After almost a month of deathly quiet, there was some activity in Cashew market in Weeks 9 and 10 triggered by low offers from a few processors. These were quickly picked up by US & European traders. Indian domestic market has been extremely quiet for almost a month now – traders in consuming areas report slow sales of high priced Indian product due to good availability of cheap imported kernels.
For the last two weeks, there has been a wide range of prices – offers as well as trades – but very few processors were selling at the lower end of the range. Most processors are at higher end of the range and some are not offering at all. Range of prices is W240 from 3.85 to 4.00, W320 from 3.30 to 3.45, W450 from 3.05 to 3.15, SW320 from 3.00 to 3.10, SW360 from 2.80 to 2.90, Splits from 2.10 to 2.20, Pieces from 1.40 to 1.50 FOB.
On the RCN side, Tanzania has been able to sell most of its crop without any significant price movement. West African crops seem to be progressing well but logistics will continue to be a concern (fingers crossed !!). Prices are steady in the range of 900 to 1050 C&F depending on origin & quality but a realistic price range will be established only when movements start – end of Mar/beg of Apr. Pricing will depend on the activity of Brazil processors who are facing the problems of a very bad crop and Vietnam processors who are seeing very high prices for domestic RCN. The RCN market opened high in Vietnam after the TET holidays and has moved up further in the last two weeks.
On the kernel side, buyers have been successful with periodic buying of small volumes for short spreads – and this has suited most shellers too. This pattern has kept the market moving within a reasonable trading range of about 30 cents. At any given time, buyers have been able to pick up some volumes at the lower end of the range for nearbys – so they are not scared of keeping some portion of their needs uncovered. Also, large shellers have been able to sell to some buyers at the higher end of the range by taking positions for few months ahead – so they are not under pressure to reduce prices to get additional sales.
As we have discussed in earlier reports, slow movement and lower prices for brokens is becoming an increasing drag on the industry. Indian shellers who were so far relatively well placed are also feeling the pinch now. This issue needs to be addressed by all links in the chain. If the offtake and prices for lower grades do not improve, either the RCN prices have to come down or the prices for wholes have to move up in order to avoid parity problems.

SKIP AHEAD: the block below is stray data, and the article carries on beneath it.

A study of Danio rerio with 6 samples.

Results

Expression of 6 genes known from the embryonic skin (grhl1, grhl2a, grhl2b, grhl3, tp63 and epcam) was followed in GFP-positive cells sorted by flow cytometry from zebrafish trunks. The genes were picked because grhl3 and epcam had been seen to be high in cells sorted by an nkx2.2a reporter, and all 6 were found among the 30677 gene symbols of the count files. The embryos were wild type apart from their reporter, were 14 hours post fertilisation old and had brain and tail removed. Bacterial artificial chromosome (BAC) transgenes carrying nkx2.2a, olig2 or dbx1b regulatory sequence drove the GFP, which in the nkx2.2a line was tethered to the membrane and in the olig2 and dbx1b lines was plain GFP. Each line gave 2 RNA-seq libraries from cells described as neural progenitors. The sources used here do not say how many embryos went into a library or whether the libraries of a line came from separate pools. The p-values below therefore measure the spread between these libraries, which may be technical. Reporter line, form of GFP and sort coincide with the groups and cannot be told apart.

We can expect some volatility in the kernel market during Mar to May – whether it will have an upward or downward bias depends on (1) West Africa RCN pricing and movement (2) timing & intensity of kernel contracting for second half of the year. The reported forward sales by traders gives them ability to buy regularly which will provide a floor to dips. The need of some shellers to keep selling at regular intervals will limit the spikes.
If there are no issues with RCN movements and if there is no big kernel buying in this period, we could see kernel market settling in the lower half or middle of the current range. If the RCN prices remain high during Mar/Apr, we could see kernel prices stay in the top half of the range. In either case, there are good chances of some gradual increase in kernel prices (and offtake) in second half of the year.
Pankaj N. Sampat
This is quite an informative blog. I have been reading it for personal interest from time to time.
Do keep up the good work.
I just wanted to know, do these prices reflect the import rates in the US market? Or the export rates from various countries?
Prices mentioned in the report are export (FOB) prices from origin… the ocean freight, handling, financing and other costs have to be added to arrive at the import (landed) cost.